Shhhh… don’t tell anyone, but I have the best job in the world.
For the past seven years I’ve had the honor of working with Maine artisans and makers through the State of Maine Department of Economic and Community Development’s (DECD) Maine Made Program. That I would find such a connection with this talented group caught me by surprise, until that “aha” moment when I realized that I hailed from a family of creators: from my grandmother’s quilting, making heirloom pieces from scraps of retired aprons and pajamas, to my great-grandfather’s fine pieces of furniture, pieces that continue to function in family homes far and near.
I have a great appreciation for the members of our program. It’s an honor to be welcomed into their studios and workspaces—sacred spaces where creative juices ebb and flow. These artisans are resilient, humble, passionate and resourceful.
They’re parents who have little people at home, yet still fire up the kilns and create incredible pieces of pottery. They’re a fourth-generation owner of a family business churning out gourmet mustards using the same processes and techniques to maintain quality. They champion each other at shows, through social media and collaborative promotions. They’ve persevered through COVID; there’s not enough space here to talk about the hurdles: cancellations, lack of raw materials, shipping delays—all unknowns, but they handled each situation with grace.
Accompanied with that grace have been such impressive successes. I’ve witnessed a maker flourish from the infancy of artistic vision to having pieces displayed in West Coast galleries, a gourmet butter company transition from processing in a church basement to having a space to call their own, an artist who dared take a leap into selling her original artwork at prices she’d never imagined. These companies and hundreds of others are members of the Maine Made Program, utilizing our nationally recognized branding and services to enhance their business and grow their markets.
The Maine Made Program was created over 35 years via State rulemaking to promote quality products made in Maine, specifically those using our natural resources, maintaining traditional practices, reflecting authenticity and originality, embodying ingenuity and resonating “Maine” to consumers.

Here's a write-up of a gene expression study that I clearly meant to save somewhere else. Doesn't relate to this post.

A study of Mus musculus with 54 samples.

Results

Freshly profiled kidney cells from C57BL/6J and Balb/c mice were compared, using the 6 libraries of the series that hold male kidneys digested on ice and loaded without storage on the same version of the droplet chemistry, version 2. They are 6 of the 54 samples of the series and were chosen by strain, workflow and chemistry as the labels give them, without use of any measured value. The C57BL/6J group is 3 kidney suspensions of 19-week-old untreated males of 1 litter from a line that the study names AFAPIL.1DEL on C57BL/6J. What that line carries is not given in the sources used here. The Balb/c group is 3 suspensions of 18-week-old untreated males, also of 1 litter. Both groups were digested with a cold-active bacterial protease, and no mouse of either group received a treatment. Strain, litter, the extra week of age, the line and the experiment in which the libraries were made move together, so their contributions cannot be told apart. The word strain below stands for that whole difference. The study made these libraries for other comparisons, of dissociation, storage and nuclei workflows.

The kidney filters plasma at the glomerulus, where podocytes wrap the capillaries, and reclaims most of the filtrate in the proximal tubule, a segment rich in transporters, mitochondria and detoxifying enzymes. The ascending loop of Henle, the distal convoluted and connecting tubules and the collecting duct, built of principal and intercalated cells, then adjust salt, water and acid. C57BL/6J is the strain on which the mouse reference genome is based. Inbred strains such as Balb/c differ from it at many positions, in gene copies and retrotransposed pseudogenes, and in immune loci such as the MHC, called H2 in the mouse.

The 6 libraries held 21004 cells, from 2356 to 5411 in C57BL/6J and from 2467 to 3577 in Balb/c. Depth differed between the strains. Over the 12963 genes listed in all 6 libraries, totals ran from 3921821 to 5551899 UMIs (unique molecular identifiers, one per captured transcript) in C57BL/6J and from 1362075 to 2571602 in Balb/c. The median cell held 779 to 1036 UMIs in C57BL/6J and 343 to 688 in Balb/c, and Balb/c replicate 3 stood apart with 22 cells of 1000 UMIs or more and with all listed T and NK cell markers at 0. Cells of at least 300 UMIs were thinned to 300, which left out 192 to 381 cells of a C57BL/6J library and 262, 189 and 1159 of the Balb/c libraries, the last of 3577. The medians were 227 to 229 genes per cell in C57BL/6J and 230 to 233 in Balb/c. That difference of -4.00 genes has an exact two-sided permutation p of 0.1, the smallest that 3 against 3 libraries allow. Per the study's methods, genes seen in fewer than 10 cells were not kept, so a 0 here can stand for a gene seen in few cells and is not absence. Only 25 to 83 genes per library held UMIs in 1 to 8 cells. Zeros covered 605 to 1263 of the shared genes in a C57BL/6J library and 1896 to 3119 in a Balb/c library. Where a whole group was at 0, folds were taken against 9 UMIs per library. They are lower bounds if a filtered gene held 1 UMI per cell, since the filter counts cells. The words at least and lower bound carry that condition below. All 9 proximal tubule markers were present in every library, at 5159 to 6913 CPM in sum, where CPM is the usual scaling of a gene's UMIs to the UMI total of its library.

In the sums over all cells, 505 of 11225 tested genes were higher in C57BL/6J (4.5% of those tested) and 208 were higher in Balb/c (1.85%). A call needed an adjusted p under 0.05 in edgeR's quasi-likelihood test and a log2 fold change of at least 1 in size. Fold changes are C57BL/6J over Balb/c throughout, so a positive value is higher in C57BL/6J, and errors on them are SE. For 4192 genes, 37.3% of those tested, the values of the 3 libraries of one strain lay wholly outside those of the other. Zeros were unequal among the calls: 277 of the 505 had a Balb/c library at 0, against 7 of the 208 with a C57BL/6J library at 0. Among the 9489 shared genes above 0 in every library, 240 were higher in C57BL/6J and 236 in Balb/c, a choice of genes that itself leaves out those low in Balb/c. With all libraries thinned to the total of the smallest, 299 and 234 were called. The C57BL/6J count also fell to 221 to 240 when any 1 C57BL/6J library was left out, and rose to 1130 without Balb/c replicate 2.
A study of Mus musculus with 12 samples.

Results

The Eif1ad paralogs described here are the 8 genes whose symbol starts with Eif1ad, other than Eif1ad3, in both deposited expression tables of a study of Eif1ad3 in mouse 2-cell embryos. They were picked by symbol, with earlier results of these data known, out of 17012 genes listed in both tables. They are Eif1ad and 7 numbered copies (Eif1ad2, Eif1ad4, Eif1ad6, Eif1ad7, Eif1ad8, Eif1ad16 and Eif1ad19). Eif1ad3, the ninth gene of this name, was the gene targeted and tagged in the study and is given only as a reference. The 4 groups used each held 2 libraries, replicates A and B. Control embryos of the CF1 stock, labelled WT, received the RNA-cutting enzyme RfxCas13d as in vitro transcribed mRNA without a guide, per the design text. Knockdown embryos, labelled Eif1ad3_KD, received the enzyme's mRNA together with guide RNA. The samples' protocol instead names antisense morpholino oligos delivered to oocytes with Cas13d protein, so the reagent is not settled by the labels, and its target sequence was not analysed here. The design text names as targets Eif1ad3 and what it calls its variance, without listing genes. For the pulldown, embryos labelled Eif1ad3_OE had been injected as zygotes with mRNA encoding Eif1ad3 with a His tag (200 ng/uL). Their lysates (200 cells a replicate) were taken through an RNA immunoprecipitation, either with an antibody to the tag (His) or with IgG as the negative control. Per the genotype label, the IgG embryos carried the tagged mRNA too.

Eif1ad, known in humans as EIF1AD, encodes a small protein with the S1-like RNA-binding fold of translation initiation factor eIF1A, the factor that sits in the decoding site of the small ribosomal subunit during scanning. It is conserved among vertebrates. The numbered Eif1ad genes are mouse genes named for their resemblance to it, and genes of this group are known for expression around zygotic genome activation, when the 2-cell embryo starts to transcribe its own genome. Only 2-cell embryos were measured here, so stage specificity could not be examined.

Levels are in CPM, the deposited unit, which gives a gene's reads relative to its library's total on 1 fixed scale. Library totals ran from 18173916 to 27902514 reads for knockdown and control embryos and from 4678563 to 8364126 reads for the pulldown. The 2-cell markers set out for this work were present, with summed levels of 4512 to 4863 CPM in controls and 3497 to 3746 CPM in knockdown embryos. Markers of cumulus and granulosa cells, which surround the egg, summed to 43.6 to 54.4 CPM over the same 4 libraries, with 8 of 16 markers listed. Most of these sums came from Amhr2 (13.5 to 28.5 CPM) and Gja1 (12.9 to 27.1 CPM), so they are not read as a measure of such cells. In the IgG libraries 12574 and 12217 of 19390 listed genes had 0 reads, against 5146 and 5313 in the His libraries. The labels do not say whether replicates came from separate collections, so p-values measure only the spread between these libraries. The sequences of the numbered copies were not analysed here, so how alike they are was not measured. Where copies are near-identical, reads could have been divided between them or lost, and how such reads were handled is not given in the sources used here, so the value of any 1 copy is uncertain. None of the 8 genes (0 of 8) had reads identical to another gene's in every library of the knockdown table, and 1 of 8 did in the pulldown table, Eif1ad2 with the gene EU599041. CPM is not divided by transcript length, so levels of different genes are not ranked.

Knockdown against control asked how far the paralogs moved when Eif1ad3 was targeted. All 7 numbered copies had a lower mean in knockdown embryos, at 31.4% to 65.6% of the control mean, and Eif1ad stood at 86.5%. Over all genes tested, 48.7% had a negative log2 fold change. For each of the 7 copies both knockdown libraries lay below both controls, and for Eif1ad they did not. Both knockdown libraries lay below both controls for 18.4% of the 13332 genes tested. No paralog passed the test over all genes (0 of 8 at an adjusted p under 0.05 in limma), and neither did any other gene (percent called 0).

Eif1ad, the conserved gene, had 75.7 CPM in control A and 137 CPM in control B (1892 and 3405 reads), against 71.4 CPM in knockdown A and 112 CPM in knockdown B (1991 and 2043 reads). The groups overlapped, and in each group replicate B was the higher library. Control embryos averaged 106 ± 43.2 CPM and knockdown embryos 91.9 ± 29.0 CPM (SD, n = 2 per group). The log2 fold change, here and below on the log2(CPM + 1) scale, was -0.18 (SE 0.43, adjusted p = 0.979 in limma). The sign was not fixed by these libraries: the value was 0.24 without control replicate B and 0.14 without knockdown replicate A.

In turn this would lead to market expansion, increased revenue and job creation. Remember, 35 years ago there was no such thing as the internet or social media—the program relied on a biannual booklet of paid space that included one photo, an address, a phone number and a fax number. Yes, a fax number. Then, in 1998 we thought we were onto something by creating our own website. At the time, it was an exceptional format for highlighting more makers and allowing for placement in one of 20 product categories, along with a professionally produced video showing a home staged with a variety of member products. We had cutting-edge technology at our fingertips.
Then, 20 years ago (it seems like a lifetime ago, doesn’t it?) this thing called the World Wide Web was gaining the attention of businesses big and small. Not wanting to be left behind, businesses started shifting marketing funds to creating their own websites. This was a time where you nearly had to mortgage your home to get a website built and hosted, minus the wherewithal or time to learn how to keep it updated and functional. This was also when I began my career in the public sector at the State of Maine DECD, working with the Community Development Block Grant Program, traveling throughout the state helping communities and small businesses grow and flourish, finding back roads that DeLorme hadn’t discovered, and meeting some of the most interesting people who made the most interesting products. Another “aha” moment: These small businesses were contributing to the livelihood of their local economies. Time to tell the world!
Meanwhile, with the Maine Made Program plugging along through administration changes, budget cuts and attrition, the program came to a standstill. Yet there remained so much more that could be done. In 2014, with the support of my department and the encouragement of colleagues, I took over management of the program.
The last seven years have been a blur, as our accomplishments have mounted. We now have a monthly newsletter with a distribution of over 2,000 consumers, wholesale buyers, media and others with an open rate averaging 46%. We have a very active social media presence via Facebook and Instagram. We have a new website, thanks to the unfortunate crash of the original site during the 2016 holiday season. The new site launched in March 2018; by March 2021 we reached over 1 million views.
Applications to our program have grown to an average of 150 per year. While most reviews are easy (of course we’d want that product carrying our nationally recognized branding), others need tweaking and improvements. For those needing additional assistance, we’ve built alliances with a plethora of organizations who have the staff and resources to guide these makers and artisans to the next level. We contribute these successes to our network: Maine Small Business Development Center, Real Maine, Maine Crafts Association, SCORE, Maine Center for Entrepreneurial Development, New Ventures and countless others.
Where do we go from here? The opportunities are limitless. We’re listening and responding to the needs of the creative community—our members—the backbone of our program. Without them there would be no Maine Made. Without them I wouldn’t have the best job in the world.